Katherine Parkin is Professor of History at Monmouth University in New Jersey. She has written extensively on US Women’s, Social, and Cultural History. Her first book, Food is Love: Food Advertising and Gender Roles in Modern America, was awarded the Emily Toth Award for best book in feminist popular culture in 2006. Her newest book, Women at the Wheel: A Century of Buying, Driving, and Fixing Cars, also won the Emily Toth award (2018). In 2019, she was named the Jules Plangere Jr. Chair in American Social History at Monmouth University.
In the July issue of Advertising & Society Quarterly, Parkin explored “Women and Car Advertising in the United States.” She argued that car advertisers have frequently used race, class, and gender to market their cars, and focuses on Cinderella and Cadillacs to help her explore these themes.
Parkin analyzed the first woman to drive across the country, Alice Ramsey, including her time driving in and around Monmouth County, New Jersey and endurance runs from New York City to Long Island, New York, as well as to Philadelphia. Parkin presented her findings about Ramsey’s life to the Smithsonian in Washington, D.C., revealing that while she married young and had two children, most of her adult life was spent living with long-term female companions, first in New Jersey and then moving to California. Check out the article at the New Jersey Studies site.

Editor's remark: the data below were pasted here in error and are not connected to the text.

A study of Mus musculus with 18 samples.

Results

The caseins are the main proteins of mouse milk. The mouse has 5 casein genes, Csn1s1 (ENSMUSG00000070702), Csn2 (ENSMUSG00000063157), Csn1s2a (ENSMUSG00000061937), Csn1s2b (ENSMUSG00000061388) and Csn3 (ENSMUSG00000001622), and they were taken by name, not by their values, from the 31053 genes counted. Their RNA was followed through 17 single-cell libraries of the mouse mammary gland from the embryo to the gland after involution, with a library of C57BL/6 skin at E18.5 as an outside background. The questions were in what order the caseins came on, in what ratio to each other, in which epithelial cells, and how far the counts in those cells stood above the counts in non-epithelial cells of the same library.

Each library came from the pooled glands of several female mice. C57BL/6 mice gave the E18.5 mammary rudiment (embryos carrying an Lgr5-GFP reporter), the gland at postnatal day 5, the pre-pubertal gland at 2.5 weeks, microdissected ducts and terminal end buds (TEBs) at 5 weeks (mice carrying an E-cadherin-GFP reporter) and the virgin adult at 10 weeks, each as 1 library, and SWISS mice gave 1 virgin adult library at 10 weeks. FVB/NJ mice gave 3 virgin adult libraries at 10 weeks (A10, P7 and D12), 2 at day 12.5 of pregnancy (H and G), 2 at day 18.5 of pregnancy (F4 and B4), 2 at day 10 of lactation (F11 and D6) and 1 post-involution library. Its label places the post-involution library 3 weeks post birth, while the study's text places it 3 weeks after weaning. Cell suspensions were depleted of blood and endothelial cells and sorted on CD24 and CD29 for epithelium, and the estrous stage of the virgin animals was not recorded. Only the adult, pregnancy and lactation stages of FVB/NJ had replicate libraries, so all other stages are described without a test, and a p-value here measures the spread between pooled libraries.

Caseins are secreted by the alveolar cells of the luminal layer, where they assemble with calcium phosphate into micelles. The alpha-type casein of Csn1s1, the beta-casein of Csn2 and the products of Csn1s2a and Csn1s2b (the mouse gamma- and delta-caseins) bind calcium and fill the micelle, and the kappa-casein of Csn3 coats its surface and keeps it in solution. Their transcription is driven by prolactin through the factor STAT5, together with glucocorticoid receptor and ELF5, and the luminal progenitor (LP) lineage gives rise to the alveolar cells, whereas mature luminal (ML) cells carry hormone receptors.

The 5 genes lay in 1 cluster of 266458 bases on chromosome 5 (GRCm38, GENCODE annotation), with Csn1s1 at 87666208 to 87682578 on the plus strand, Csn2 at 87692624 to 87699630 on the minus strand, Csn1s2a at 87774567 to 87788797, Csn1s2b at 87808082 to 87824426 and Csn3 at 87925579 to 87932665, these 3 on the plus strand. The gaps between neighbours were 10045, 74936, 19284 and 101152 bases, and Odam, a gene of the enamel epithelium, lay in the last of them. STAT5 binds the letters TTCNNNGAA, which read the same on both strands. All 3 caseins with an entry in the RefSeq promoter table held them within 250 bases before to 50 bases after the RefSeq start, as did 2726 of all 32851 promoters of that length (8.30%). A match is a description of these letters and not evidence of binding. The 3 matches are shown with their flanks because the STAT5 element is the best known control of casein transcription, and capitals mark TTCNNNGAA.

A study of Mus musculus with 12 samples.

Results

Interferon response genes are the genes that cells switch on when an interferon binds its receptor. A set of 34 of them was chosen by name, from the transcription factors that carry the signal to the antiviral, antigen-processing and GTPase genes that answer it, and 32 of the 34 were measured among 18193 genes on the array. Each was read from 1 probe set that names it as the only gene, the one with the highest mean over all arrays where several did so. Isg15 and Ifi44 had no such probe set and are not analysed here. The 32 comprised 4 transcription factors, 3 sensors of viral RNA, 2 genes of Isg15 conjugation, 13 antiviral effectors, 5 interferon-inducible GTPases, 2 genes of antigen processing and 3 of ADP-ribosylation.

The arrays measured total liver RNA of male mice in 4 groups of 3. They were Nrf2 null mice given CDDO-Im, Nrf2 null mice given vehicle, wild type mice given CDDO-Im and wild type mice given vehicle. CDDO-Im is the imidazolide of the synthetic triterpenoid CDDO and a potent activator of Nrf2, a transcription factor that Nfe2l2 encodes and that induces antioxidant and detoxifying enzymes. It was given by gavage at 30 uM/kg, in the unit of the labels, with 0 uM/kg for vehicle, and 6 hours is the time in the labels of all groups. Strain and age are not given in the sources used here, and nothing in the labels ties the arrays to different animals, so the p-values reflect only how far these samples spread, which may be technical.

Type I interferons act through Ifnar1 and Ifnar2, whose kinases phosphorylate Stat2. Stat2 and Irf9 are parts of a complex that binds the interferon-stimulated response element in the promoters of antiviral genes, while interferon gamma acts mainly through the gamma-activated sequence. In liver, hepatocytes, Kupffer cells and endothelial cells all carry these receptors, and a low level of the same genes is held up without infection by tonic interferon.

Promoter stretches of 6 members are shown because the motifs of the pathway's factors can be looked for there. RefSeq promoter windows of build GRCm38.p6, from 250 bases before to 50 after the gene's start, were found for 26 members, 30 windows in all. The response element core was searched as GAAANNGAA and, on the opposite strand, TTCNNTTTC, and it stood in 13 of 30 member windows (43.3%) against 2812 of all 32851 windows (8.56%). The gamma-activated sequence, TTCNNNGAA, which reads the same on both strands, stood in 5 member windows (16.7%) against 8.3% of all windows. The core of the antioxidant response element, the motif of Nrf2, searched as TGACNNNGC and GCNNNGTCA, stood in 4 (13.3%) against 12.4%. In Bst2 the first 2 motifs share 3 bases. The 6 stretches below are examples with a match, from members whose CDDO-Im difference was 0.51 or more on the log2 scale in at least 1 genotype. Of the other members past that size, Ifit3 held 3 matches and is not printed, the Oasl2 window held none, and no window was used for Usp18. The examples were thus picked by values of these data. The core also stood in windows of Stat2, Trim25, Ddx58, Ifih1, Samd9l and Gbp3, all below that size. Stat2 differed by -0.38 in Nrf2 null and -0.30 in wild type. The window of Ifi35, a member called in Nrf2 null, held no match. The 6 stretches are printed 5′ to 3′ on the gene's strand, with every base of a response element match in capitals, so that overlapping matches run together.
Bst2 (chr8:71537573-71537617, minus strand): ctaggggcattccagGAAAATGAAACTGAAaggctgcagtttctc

She examined the history of one of the earliest creators of cars in American history, Edgar Apperson, and analyzed his two long-standing relationships with men in “Adult Adoption and Intergenerational Same-Sex Relationships.”
If you’re interested in tire advertising, please check out “’Bring Them Back Alive!‘: Fear and the Macabre in US Automobile Tire Advertising,” Advertising & Society Quarterly 18(1) April 2017.